Tuesday 23 June 2009

Just a thought

With regard to the great science fiction movies, like Blade Runner and the Alien series - I don't recall ever seeing a building covered in solar panels, or great swathes of wind turbines. I do recall the cities being lit up with tonnes of neon - there seems to be no shortage of electric power in the future. How much juice does it take to make a car fly, such as in The Fifth Element? Not to mention space travel.

Given that many portray some sort of perfect society (Aeon Flux for instance), where is all the green power? Where do the robots in I, Robot get their power from? Not many seemed to have propellers sticking out of the top of their heads.

And the Death Stars were not clad in solar panels - they were covered in laser cannons instead. Ever tried destroying a planet with a wind powered death ray? Or firing a solar powered phaser at Klingons?

I know it's only fantasy, but good science fiction has some element of possibility about it. I remember when Blade Runner was released, and people gasped at the scene where Harrison Ford used a photo scanner to zoom in on bits of a photo using voice recognition. That movie came out in 1982, when digital photography was fantasy to the people watching that movie.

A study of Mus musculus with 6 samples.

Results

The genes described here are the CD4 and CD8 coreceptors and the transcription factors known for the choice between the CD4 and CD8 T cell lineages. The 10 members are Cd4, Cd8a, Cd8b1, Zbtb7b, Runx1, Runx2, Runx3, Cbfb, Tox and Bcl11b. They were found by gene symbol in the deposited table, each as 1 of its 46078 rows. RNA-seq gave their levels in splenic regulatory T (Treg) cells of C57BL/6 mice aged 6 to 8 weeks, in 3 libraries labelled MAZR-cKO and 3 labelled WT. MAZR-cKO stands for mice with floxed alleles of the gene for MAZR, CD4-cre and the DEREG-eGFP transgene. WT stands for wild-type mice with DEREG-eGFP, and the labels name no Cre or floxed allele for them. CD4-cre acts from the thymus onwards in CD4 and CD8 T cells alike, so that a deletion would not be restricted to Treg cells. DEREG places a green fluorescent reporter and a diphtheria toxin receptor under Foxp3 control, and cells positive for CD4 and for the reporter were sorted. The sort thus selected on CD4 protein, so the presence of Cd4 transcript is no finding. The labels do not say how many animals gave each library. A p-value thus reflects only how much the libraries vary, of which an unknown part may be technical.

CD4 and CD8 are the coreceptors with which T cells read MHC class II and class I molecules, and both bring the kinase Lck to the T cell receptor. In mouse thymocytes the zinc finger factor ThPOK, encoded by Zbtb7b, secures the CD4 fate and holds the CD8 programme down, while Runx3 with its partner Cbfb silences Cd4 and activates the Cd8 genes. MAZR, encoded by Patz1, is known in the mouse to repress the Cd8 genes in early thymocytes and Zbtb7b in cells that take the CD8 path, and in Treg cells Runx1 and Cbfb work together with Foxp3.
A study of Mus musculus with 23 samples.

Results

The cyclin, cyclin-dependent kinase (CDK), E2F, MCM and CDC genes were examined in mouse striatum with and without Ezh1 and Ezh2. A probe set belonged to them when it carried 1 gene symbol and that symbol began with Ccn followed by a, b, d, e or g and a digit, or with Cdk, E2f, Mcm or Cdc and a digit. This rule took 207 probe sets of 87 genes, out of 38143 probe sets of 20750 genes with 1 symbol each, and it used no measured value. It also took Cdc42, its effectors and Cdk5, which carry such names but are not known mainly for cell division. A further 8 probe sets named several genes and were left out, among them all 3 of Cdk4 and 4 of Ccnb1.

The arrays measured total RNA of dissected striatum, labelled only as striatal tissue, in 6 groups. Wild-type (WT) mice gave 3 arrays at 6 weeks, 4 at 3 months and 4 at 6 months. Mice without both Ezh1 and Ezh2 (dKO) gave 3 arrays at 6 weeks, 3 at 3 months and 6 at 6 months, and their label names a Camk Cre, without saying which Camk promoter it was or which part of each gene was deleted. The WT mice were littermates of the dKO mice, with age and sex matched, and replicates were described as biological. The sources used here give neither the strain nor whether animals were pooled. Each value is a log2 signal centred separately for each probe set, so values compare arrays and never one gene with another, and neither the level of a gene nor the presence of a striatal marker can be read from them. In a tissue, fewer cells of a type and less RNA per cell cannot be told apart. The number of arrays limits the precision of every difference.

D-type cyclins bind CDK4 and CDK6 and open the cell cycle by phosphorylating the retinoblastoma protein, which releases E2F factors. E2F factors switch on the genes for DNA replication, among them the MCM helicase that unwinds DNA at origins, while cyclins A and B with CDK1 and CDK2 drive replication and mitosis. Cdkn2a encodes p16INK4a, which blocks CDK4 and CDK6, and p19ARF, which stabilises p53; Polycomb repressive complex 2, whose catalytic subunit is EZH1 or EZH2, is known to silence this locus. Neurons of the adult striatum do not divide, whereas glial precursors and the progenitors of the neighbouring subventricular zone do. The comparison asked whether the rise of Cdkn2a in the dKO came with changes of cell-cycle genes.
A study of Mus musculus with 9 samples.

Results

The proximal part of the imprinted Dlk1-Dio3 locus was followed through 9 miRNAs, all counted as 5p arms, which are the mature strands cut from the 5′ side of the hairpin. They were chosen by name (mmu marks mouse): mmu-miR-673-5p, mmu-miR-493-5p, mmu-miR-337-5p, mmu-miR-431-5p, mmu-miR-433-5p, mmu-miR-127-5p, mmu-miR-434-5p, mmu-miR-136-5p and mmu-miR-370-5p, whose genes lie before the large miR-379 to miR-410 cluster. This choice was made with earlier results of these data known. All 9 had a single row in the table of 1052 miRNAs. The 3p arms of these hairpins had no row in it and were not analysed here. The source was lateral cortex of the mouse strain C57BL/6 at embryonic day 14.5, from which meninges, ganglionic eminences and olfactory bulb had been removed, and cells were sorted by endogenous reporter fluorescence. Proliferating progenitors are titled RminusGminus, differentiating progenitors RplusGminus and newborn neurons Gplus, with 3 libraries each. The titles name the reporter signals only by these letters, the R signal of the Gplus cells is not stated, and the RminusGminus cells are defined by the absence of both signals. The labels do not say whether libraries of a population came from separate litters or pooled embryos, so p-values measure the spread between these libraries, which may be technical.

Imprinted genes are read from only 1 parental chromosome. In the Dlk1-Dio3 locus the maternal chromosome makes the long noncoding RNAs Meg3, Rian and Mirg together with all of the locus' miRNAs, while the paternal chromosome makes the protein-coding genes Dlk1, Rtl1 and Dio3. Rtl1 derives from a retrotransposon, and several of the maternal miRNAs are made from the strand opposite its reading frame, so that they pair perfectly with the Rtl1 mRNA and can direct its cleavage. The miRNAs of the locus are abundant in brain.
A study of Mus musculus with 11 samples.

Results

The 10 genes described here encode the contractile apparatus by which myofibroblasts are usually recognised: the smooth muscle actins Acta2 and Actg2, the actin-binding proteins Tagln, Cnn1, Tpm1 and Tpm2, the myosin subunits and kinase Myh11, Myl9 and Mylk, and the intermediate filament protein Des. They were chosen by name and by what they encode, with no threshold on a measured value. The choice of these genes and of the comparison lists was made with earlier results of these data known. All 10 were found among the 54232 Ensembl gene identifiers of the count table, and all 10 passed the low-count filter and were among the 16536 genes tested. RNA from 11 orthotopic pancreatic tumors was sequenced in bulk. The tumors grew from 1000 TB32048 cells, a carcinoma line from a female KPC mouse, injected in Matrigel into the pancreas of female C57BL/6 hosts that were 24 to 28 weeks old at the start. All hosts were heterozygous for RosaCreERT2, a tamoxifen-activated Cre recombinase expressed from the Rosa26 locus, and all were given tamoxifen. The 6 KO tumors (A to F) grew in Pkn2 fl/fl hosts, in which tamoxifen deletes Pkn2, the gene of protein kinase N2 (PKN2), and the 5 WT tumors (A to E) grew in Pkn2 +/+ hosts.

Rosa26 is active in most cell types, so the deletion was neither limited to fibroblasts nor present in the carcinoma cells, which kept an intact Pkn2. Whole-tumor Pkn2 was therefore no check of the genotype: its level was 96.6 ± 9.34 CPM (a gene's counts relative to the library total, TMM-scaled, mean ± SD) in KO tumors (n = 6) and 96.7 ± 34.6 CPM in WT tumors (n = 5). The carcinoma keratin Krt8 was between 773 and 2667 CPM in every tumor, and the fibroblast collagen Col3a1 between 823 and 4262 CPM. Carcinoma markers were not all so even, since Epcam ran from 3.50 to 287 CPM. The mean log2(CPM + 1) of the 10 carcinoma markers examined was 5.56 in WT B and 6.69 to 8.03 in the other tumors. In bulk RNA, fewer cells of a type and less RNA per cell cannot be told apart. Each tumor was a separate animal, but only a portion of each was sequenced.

Just a thought.

1 comment:

TimT said...

Hollywood - with science fiction films it's usually Hollywood because of the special effects costs - are much more interested in the spectacle, not what causes it. Probably with good reason, too, because who wants to turn a duel between a woman and an alien, or a tale about a super futuristic assassin, or whatever, into an econometric anaysis of the sustainable infrastructure that is in use in a possible future? Not Hollywood.

On the other hand, science fiction authors, who are wonks and obsessives and scientists and just plain weirdos often do include this sort of thing in their texts. Albeit in a very different form: many of the golden age sf books rhapsodised at length about nuclear energy. The future was nuclear powered, because it was the most limitless, wonderful, clean, efficient energy source they could imagine - they were oblivious to the anxieties of current greenies about nuclear energy.